Christopher, 23, from New York, has lived with intractable epilepsy since he was seven months old. During the day, he relies on a vagus nerve stimulator (VNS) and three medications to control his seizures. At night he needs constant observation from someone who can respond to his seizures and prevent the onset of SUDEP (Sudden Unexpected Death in Epilepsy).
For 18 years, Christopher’s mother Claudia was his primary caregiver. She says “I didn’t work for a long time, because Christopher was so unstable. I couldn’t sleep for eighteen years -- every time there was a sound [at night], I was jumping up.” While Christopher had private insurance through his father’s employer, the high co-pays and cost-sharing for his medical needs strained the family’s finances, and they faced foreclosure. Claudia said that the family had few options for financial relief. “We put our child’s needs first. We weren’t going to let [Christopher] go without medical care.”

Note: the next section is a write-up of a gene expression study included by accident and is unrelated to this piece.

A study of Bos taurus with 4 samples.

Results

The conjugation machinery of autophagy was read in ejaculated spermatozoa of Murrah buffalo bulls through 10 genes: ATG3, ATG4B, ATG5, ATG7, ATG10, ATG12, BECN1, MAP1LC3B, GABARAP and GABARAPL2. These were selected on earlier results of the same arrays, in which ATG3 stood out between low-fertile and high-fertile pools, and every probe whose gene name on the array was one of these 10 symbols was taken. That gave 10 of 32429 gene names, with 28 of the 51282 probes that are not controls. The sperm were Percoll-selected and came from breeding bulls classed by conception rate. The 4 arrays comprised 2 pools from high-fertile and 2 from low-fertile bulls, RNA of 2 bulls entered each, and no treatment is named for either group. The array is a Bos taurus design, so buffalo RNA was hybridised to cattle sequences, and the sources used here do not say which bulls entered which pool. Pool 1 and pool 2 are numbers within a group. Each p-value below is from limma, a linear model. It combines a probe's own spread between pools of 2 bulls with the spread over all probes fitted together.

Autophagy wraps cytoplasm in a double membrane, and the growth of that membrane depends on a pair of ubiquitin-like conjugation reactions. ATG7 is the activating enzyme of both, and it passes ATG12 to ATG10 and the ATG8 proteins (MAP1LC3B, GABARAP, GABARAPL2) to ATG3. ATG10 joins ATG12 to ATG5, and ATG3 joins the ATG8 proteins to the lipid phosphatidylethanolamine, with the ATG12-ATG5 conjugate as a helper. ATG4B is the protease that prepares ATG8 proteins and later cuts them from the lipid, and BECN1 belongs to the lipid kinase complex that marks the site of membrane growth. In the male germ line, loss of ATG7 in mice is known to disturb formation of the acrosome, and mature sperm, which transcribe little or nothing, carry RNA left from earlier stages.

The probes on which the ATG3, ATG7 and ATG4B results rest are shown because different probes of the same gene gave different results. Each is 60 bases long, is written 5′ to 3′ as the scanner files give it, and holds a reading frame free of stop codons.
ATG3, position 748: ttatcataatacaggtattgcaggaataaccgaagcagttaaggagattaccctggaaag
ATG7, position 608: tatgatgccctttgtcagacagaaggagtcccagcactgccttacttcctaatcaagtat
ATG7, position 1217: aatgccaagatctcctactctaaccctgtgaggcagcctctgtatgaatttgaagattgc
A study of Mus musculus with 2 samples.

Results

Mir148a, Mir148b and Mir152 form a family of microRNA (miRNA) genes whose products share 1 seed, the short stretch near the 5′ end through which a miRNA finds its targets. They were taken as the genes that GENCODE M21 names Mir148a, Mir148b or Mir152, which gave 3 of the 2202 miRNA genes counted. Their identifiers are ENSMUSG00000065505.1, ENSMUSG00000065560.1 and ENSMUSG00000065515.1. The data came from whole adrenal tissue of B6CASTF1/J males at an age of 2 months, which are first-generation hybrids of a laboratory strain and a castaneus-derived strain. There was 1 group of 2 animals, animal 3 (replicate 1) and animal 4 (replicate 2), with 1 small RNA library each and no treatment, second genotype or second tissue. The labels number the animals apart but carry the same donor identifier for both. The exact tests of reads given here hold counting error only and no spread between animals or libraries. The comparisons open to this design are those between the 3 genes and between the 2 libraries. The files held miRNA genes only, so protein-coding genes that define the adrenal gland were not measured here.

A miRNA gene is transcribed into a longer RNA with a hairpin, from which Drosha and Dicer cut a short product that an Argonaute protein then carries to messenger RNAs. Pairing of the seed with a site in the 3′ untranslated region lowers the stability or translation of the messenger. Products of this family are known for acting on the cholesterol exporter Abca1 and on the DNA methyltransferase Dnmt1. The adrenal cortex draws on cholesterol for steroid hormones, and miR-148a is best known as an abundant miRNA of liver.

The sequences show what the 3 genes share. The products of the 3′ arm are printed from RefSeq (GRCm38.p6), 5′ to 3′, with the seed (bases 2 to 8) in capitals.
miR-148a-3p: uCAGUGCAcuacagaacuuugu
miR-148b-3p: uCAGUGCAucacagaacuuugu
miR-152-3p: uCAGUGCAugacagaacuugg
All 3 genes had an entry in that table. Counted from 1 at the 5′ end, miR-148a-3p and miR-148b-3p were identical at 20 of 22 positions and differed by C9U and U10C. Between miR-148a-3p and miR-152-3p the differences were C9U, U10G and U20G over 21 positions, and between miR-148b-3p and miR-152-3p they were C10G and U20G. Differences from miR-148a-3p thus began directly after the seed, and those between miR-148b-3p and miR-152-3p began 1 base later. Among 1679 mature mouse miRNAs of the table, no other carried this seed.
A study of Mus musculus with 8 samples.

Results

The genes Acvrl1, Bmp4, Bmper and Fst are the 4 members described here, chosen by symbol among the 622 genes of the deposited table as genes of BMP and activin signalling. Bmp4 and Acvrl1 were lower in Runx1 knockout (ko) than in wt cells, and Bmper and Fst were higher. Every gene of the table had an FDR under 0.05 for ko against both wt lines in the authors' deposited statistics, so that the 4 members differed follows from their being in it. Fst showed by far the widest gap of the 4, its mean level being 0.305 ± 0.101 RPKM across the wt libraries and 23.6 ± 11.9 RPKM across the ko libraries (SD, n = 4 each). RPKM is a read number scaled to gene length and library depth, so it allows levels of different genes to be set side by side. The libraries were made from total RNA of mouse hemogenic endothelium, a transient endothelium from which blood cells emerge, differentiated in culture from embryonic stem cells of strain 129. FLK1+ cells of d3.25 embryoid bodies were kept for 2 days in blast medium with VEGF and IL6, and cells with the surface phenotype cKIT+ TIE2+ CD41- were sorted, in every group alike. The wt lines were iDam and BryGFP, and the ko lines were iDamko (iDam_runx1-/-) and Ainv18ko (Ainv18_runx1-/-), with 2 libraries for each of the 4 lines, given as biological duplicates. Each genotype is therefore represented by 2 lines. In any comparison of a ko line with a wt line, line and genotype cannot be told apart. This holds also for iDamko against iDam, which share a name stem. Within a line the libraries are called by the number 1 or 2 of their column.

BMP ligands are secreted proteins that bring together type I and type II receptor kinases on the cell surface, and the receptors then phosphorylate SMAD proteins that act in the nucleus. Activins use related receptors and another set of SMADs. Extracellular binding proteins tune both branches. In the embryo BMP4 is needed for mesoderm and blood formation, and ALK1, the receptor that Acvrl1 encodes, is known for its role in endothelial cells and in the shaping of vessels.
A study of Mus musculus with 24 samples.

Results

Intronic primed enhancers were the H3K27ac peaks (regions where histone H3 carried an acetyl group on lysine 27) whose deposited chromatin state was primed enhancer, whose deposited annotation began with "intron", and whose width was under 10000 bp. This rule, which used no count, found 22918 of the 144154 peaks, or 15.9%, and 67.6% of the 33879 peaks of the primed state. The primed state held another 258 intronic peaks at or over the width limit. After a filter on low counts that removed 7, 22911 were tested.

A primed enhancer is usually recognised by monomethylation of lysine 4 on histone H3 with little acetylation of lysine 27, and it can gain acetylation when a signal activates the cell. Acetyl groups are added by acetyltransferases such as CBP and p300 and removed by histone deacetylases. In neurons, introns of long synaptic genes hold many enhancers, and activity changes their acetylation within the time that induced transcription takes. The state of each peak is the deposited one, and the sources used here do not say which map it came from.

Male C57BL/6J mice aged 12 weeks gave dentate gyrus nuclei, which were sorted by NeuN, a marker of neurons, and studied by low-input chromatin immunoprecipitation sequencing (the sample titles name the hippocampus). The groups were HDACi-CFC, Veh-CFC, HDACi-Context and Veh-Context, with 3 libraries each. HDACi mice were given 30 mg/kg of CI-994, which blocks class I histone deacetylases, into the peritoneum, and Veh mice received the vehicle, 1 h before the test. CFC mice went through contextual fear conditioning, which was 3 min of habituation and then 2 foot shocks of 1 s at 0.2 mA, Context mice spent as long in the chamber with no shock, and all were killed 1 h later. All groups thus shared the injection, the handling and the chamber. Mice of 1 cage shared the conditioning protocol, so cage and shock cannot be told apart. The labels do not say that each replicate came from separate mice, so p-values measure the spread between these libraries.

At age 18, Christopher enrolled in Medicaid, which transformed his family’s life. He now receives professional home care seven days a week, and financial assistance with medication. With outside nursing, Claudia no longer needs to monitor Christopher’s nocturnal seizures, and she has been able to start working at the Epilepsy Foundation Long Island. Medicaid also pays for community habilitation aides, who help Christopher participate in his community and complete daily self-care tasks. These aides know how to respond to Christopher’s seizures, and keep him safe when Claudia and her husband are at work.
When Christopher ages out of his father’s insurance at 26, Medicaid will be his sole provider of health insurance. Claudia says that the program has been a lifeline for her family. “Medicaid has done a tremendous amount to lessen the burden -- it’s made a big positive impact on our family. Taking away Medicaid will put families in jeopardy.”